Isaiah 6:1 (ESV) In the year that King Uzziah died I saw the Lord sitting upon a throne, high and lifted up; and the train of his robe filled the temple. (6:4) And the foundations of the thresholds shook at the voice of him who called, and the house was filled with smoke. (6:5) And I said: "Woe is me! For I am lost; for I am a man of unclean lips, and I dwell in the midst of a people of unclean lips; for my eyes have seen the King, the LORD of hosts!" (6:8) And I heard the voice of the Lord saying, "Whom shall I send, and who will go for us?" Then I said, "Here I am! Send me."
Outline. Isaiah's calling in the throne room of God is considered by most scholars (though debated) to chronologically precede chapters 1-5 of Isaiah's work even though it appears in chapter 6. The messages in chapters 11-5 of rebuke and promise, commonly referred to as the “great arraignment,” combine dire threats, urgent calls to repent and gracious offers of forgiveness and blessing to Israel and the nations. Chapters 7-12 introduce the prophecy/sign of Immanuel and His coming Kingdom. Assyria is depicted as a tool of God's that will be punished as the remnant of Israel is preserved. From this remnant God will sent forth the Messiah to establish the Kingdom of God.
Historical Context. King Uzziah's death in all likelihood occurred simultaneously with the end of his reign, which is dated to 740BC. It wasn't long after that Uzziah's grandson Ahaz became king of Judah and denied the sign of Immanuel (the promised coming of Israel's true king) in favor of support from Assyria in the Syro-Ephraimite War (which resulted in the end of Syria and Israel at the hands of Assyria). Thrones in the Ancient Near East were physical representations of power and authority, which were obviously reserved for conquering kings. The footstool often depicted vanquished foes, as ancient kings literally sought to make their enemies their footstools. Yahweh's divine throne is described as a living entity of amazing creatures which can traverse the heavens (Ezekiel 10:1, Psalm 18:10, 2 Samuel 22:11). Isaiah later describes Heaven as God's throne and Earth as His footstool (Isaiah 66:1). This description is also used of the Temple and Jerusalem.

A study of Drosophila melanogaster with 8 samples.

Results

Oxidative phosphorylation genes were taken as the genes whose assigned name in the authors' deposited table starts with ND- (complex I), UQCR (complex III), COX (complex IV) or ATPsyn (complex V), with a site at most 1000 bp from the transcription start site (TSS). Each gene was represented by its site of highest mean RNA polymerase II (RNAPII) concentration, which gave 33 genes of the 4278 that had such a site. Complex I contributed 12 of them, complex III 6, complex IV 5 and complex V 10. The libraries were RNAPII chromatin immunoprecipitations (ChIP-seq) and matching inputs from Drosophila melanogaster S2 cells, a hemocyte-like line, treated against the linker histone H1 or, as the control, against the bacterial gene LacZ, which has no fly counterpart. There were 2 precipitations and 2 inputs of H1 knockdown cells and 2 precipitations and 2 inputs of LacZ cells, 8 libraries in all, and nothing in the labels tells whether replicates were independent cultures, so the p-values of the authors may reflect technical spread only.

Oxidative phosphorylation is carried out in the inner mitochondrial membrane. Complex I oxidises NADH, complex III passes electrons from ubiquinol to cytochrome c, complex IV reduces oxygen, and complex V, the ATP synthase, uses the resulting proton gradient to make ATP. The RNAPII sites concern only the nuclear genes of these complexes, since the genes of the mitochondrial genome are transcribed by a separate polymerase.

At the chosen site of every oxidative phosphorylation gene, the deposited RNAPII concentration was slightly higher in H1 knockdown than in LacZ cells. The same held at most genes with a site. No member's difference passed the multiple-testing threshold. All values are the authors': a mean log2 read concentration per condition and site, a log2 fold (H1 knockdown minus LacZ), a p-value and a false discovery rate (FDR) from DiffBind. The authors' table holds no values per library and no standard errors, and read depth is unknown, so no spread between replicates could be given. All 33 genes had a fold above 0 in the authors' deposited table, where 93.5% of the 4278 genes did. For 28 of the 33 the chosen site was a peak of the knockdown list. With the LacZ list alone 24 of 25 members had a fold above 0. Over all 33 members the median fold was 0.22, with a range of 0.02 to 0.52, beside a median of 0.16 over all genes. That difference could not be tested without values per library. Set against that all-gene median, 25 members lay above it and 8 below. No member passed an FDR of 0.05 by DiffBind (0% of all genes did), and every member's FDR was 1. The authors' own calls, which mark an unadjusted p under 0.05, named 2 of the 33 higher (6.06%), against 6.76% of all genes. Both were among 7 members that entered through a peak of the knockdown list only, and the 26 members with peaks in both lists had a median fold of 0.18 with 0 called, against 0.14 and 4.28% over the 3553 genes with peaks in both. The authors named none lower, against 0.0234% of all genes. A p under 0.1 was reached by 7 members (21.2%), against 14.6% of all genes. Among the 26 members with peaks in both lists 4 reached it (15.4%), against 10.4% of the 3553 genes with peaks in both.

Message Summary. The creator of Heaven and Earth is King of all and sits on His throne in Heaven while all events transpire under His power and authority according to His sovereignty.
Dominant Theme. Since this scene is depicted in Heaven, God's transcendence is immediately noted. His commissioning of Isaiah to preach to Israel and the nations, while making their hearts dull and ears heavy (Isaiah 6:9-10), further reveals God's transcendence over culture and people's own free will. The answer to Isaiah's question “how long, O Lord?” in vs. 11-13 reveal God's absolute control over history and all of time. These in addition to the fact that God is depicted as a King on His throne in Heaven governing all things clearly support the Kingdom of God theme.
OT & NT Correlation. Isaiah's dating to King Uzziah readily refers back to the Old Testament's accounts of his rule in Judah in 2 Kings 15:7 and 2 Chronicles 6:22. As mentioned above, many other references to God's throne fill the Old Testament whether as a mobile chariot or a stationary throne. In the New Testament Jesus Himself picks up the motif that Heaven is the throne of God (Matthew 5:34, 23:22; Acts 7:49). Jesus also declares that when the Son of Man comes in glory (referring to Daniel 7) He will also sit on a glorious throne (Matthew 19:28, 25:31). The author of Hebrews depicts the Son acknowledging God's throne and His everlasting rule (Hebrews 1:8). The throne is then described as a “throne of grace” that humans are to approach to receive mercy and grace in times of need (4:16), for Jesus is our high priest seated at the right hand of God's throne (8:1; 12:2). Strikingly, John's Revelation alone (perhaps since it is set in Heaven) has over 40 references to God's throne. From the throne all the pronouncements and trumpets for the destruction of the Earth are made and subsequently carried out. Ultimately the throne of God is shown triumphant as it demolishes the throne of Satan and his beast. What is described as “a Great White throne” then sets the stage for the judgment of all the dead “great and small” according to what they had done. Furthermore, multitudes, elders, angels and living creatures all surround the throne and worship God and the Son of God. In the end, a new Heaven and a new Earth are formed, but God's throne and His kingdom are carried over into the perfect world.
Brett Yardley: Warrior for Christ. Devoted Husband. Proud Father. Martial Artist. Hopeful Philosopher & Theologian. Aspiring Teacher & Writer.